About 3 years back while I was residing in Syria I used to manage a friend’s Internet cafe whenever I had the chance. One of my responsibilities was to make sure the underpaid 8 year old cleaning boy did his job. So I used to check after him, usually ending up with me doing most of the cleaning myself, but attempted to give him tips to make his job easier whenever possible.
One of those days, while I wasn’t managing the cafe, I saw him sitting around waiting for his 8hr shift to be over so I thought I’d find out how it is a child only 8 years of age ended up working a part time job cleaning an Internet cafe instead of playing outside or checking out his favorite website online. So he started telling me a sad tale that changed my life forever.
The boy who’s short blond hair and dark blue eyes didn’t tell me about tragically deceased parents or a disabled relative, no, he started his story with: “I don’t like school”. So I asked him what level he was currently studying in, odd enough he couldn’t answer.
He went on telling me that his school wasn’t a good one, and that his teacher wouldn’t teach them much, while he, the bored hyper kid ran out to play unattended became accustomed to skipping school more than getting schooled, until his parents thought it was time he started at least making some money to help support himself.
Sitting in front of my precious HP Nx6310 Business series notebook at the time I offered to teach him how to surf the web after he pointed out he didn’t know what the Internet was. Again, this is around the year 2007 in a country where education is free of charge and widely accepted as good.
So naturally I started at the first logical choice: Google. Explaining to him what a search engine is, and why it’s important he knows what to search for, I showed how a couple of queries worked, then asked him to search for something he’d like to learn about. The answer crushed me.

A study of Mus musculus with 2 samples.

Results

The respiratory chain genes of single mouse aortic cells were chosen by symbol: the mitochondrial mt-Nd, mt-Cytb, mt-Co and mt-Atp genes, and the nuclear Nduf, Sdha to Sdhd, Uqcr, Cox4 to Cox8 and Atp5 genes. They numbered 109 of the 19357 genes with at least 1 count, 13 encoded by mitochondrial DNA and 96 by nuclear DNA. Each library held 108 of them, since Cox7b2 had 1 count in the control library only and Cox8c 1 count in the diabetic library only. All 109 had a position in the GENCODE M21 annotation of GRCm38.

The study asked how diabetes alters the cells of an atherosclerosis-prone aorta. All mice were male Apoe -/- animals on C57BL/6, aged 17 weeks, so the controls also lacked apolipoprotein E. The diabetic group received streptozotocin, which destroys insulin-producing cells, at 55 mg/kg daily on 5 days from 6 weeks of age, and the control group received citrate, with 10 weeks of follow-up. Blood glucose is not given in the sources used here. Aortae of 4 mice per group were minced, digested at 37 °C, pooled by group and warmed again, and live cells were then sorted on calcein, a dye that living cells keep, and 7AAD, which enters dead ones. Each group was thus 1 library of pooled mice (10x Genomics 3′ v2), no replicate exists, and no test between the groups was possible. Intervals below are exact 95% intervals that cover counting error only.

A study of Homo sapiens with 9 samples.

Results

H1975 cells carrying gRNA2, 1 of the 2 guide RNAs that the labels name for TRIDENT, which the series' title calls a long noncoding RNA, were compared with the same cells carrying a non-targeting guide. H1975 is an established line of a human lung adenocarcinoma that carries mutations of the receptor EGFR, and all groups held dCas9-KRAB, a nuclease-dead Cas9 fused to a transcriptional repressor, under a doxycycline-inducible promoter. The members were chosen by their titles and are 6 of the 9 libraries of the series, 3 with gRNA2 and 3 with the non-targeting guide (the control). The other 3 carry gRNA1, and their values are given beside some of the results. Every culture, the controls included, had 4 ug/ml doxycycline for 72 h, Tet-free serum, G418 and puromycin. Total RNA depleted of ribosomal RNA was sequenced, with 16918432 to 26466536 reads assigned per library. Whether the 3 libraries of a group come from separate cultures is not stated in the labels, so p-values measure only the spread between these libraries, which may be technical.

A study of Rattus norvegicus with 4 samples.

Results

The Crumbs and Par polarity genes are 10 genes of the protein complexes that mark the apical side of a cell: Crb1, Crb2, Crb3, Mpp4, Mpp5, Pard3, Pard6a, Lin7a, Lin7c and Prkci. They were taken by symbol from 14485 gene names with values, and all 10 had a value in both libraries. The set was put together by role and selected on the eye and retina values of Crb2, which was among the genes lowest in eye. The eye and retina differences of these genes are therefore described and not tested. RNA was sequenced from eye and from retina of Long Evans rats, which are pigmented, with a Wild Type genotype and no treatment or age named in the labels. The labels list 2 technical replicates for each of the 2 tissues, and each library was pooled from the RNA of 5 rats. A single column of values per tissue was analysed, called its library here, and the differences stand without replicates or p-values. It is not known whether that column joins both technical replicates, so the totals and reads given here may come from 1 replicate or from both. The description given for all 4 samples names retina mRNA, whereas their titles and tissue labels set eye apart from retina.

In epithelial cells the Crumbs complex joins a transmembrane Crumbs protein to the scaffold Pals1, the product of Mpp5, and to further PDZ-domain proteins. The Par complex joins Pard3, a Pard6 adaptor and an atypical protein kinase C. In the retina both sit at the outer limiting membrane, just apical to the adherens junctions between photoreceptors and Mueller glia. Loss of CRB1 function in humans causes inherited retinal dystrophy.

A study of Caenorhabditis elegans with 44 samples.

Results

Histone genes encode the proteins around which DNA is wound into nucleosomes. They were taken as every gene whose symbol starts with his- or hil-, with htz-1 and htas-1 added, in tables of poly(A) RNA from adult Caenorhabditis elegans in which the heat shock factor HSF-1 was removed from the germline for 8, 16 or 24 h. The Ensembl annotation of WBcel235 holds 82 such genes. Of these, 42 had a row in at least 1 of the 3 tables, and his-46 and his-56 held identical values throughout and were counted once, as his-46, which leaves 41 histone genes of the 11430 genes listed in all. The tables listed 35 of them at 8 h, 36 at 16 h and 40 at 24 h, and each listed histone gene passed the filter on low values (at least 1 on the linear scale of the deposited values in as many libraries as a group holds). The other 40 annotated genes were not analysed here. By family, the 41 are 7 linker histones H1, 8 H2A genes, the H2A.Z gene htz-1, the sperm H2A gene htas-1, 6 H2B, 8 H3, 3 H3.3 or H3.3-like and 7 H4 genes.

He didn’t know how to read nor write. Of course not being able to grasp the reality of an intelligent child not being able to write anything other than his name didn’t quite hit me till I asked him how he knew to distinguish money bills where he replied: They have different colors.
Looking back on the incident I might have acted differently, but then I didn’t know any better than to ask him to grab a paper and pen and started writing down the letter of the alphabet in an attempt to fill the gap between himself and the rest of the educated world.
I kept taking out an hour every two days to teach him, but he eventually quit and I never heard from him again.
I used to always wonder what kind of school would allow a child to miss out on class, or a family to discontinue his education at the age of 8? But the answer is not with the parents or school, it’s within the society that allows such a behavior.
According to official statistics show that more than 776 million people worldwide cannot read or write. This figure will be expressed in a tweet similar to today’s blog post to attempt to show the educated world what it feels like be illiterate.
Share the tweet with your followers and through the tweet, they’ll be directed back to Twitter’s Hope 140 website (Hope140.org) where they will be able to decode the message and tweet out their own.
The campaign will also be supported by Twitter’s promoted tweet platform and be extended via other social media sites. Additionally, the Hope140.org website will offer other ways for users to take action to combat illiteracy including making a donation to support the publication of one of Room to Read’s locally published books for children in South Africa.
Don’t let other children around the world suffer, don’t be a part of a society that tolerates illiteracy.